Shawn Rae is part of the network of police and FireRangers who are helping keep people and property safe from wildfires

By Stephanie Johnson, Parry Sound North Star

BRITT — When it comes to evacuations, the experience can be just as frustrating for those trying to help as it is for the evacuees they are assisting.

Since Friday, July 20, Shawn Rae, a member of the Anishinabek Police Services, has worked to pluck stranded canoeists and kayakers from various waterways, as well as escort evacuees off their property because of the Key River forest fire. The Parry Sound North Star shared Rae's story this week.

Along with Rae and his team, others providing door-to-door evacuation and security have included Parry Sound MNR conservation officers, members of the North Bay OPP Save Unit, Killarney OPP, West Parry Sound OPP, Northeast OPP and French River Provincial Park officers.

Rae was tasked to help boaters, because of his local knowledge of the off-channel waterways within the evacuation area.

Rae said he’s sympathetic to those people who don’t want to go, but insists police wouldn’t be demanding the public leave if it weren’t an absolute necessity.

“It’s almost been as frustrating for us as it has been for the people being evacuated,” Rae said Monday afternoon. “We spoke to one elderly couple who were totally exhausted after spending the last two days fighting the fire around their cottage. They saved the building, but every tree, every blade of grass around that building was burned. Three other cottages in that neighbourhood of the north shore (of the eastern outlet) were lost.”

Rae said the fire “jumped” the Key River just east of Key Harbour before proceeding north, up the shore of Georgian Bay into Whistler Bay eastern outlet, where it's progressively headed toward the mouth of the French River.

Rae said on Sunday he and his crew picked up nine boaters in one group and two in another group that were right “in the smoke zone.”

“We had to get them out of there because of health issues. The group of nine were a youth group. They had no idea where the fire even was, to escape. The group leader made the decision and called the police,” he said.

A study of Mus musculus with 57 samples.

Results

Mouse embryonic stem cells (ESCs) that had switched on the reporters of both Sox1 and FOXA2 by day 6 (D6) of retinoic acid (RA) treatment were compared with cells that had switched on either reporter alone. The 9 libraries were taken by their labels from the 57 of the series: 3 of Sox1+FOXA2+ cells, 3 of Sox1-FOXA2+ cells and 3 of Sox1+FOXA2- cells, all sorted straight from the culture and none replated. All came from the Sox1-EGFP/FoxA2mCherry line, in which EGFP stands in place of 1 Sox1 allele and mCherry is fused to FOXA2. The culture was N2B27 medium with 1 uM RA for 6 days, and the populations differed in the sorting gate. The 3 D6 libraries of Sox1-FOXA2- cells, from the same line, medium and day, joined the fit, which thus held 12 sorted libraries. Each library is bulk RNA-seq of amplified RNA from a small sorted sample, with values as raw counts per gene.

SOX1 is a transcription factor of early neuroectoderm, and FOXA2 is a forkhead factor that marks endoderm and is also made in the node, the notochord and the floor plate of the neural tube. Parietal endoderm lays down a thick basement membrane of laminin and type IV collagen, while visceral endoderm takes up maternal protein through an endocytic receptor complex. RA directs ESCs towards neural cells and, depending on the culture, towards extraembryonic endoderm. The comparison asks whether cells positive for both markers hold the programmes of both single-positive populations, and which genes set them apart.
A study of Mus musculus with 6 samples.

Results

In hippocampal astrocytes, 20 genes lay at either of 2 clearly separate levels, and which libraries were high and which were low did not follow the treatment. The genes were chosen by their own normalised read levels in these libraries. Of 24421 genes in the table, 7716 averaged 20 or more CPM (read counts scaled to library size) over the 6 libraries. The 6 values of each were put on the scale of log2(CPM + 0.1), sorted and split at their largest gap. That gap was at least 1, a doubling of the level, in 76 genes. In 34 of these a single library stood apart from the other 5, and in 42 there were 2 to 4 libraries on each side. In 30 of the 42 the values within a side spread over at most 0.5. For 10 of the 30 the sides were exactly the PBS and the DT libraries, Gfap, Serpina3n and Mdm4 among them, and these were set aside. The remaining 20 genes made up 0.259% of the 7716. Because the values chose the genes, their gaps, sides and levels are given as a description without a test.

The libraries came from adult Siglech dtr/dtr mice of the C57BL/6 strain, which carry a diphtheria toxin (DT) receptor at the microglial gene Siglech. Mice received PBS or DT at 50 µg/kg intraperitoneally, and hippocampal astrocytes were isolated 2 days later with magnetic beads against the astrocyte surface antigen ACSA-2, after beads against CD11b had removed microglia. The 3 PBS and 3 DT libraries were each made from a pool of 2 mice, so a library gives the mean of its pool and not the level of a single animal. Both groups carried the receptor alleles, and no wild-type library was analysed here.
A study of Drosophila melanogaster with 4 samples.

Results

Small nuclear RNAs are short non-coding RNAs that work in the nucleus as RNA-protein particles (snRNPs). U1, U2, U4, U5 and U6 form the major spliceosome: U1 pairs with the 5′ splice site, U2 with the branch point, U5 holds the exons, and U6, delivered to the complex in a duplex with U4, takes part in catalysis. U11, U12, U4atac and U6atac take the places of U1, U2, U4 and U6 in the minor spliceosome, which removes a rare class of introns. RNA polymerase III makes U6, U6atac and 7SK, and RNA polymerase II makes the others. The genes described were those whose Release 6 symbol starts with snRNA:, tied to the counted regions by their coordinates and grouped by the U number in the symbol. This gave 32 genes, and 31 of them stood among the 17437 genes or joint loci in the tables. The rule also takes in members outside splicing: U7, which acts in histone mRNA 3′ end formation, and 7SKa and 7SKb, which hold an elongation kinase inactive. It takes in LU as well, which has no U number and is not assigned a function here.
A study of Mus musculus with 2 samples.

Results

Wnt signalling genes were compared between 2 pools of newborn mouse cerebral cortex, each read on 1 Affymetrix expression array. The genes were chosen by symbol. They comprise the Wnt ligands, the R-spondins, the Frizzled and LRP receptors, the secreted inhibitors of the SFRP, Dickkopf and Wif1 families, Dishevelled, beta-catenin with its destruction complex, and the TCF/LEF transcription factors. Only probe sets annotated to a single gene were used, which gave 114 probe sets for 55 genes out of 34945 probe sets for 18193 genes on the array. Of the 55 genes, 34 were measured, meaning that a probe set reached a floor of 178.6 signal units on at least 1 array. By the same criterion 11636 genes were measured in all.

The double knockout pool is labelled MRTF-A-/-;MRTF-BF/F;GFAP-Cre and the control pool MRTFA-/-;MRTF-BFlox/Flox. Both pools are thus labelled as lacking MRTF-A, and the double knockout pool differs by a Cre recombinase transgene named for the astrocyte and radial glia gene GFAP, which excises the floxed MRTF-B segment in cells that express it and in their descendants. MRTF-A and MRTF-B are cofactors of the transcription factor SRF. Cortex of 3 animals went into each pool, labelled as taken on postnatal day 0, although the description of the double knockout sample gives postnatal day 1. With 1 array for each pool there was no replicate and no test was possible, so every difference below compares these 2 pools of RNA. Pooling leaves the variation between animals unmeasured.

Depending on the wind direction, Rae said, in some places the smoke is quite thick and some of the smoke “you don’t want to go through because it’s flammable temperatures.”

One family, Rae said, were asked to leave their cottage and told not to head upriver, because it was too dangerous; they were advised to go out to Georgian Bay and through Britt.

“I look out, and there they’re going, up the river — a man with his wife and small baby. He was going to take them through two to three kilometres of smoke … just then an OPP boat came out of the smoke and turned them around.”

As of Sunday, July 22, Rae said, there is a total evacuation from Henvey Inlet waterway north to the French River Provincial Park.

“Everyone north of that, right up to the mouth of the French River, (are being evacuated). There’s quite a few full-time residents in there that aren’t going to be pleased with leaving. But they’ve been right in the smoke all night, for the last three or four days; sometimes it’s thick, sometimes it’s bearable.”

Rae said he’s in absolute awe of the job the men and women with the Ontario FireRangers have done since the fire broke out on July 18.

Between the rough terrain, the cumbersome equipment, and the high temperatures — both from the elements and the fire itself — members of the Ontario FireRangers go through it all.

“Sunday I spoke with a crew who had just arrived from the East Coast who were attaching sprinklers to cottages to protect them, while the water bombers continued their attack on the eastern outlet North of the Key River. These fire crews are dropped in by helicopter to fight a blaze and endure the elements, all the while protecting property and the environment. They struggle with heavy equipment through rugged terrain. 

"They have one tough job to do in the sweltering heat and conditions, and we complain about a few deer flies,” he said with a shrug and a chuckle.

By and large, Rae said, a majority of the public is cognizant of the dire situation and leave when asked — though hesitantly.

“Most people are very understanding, but they’re also very reluctant and will come up with every excuse. One 80-year-old man said, ‘I’ll just walk the shoreline; I’ll be OK,’” Rae said, shaking his head. “It’s not the fire that going to kill you — it’s the smoke. And the flames were 100 feet behind his cottage at that time.”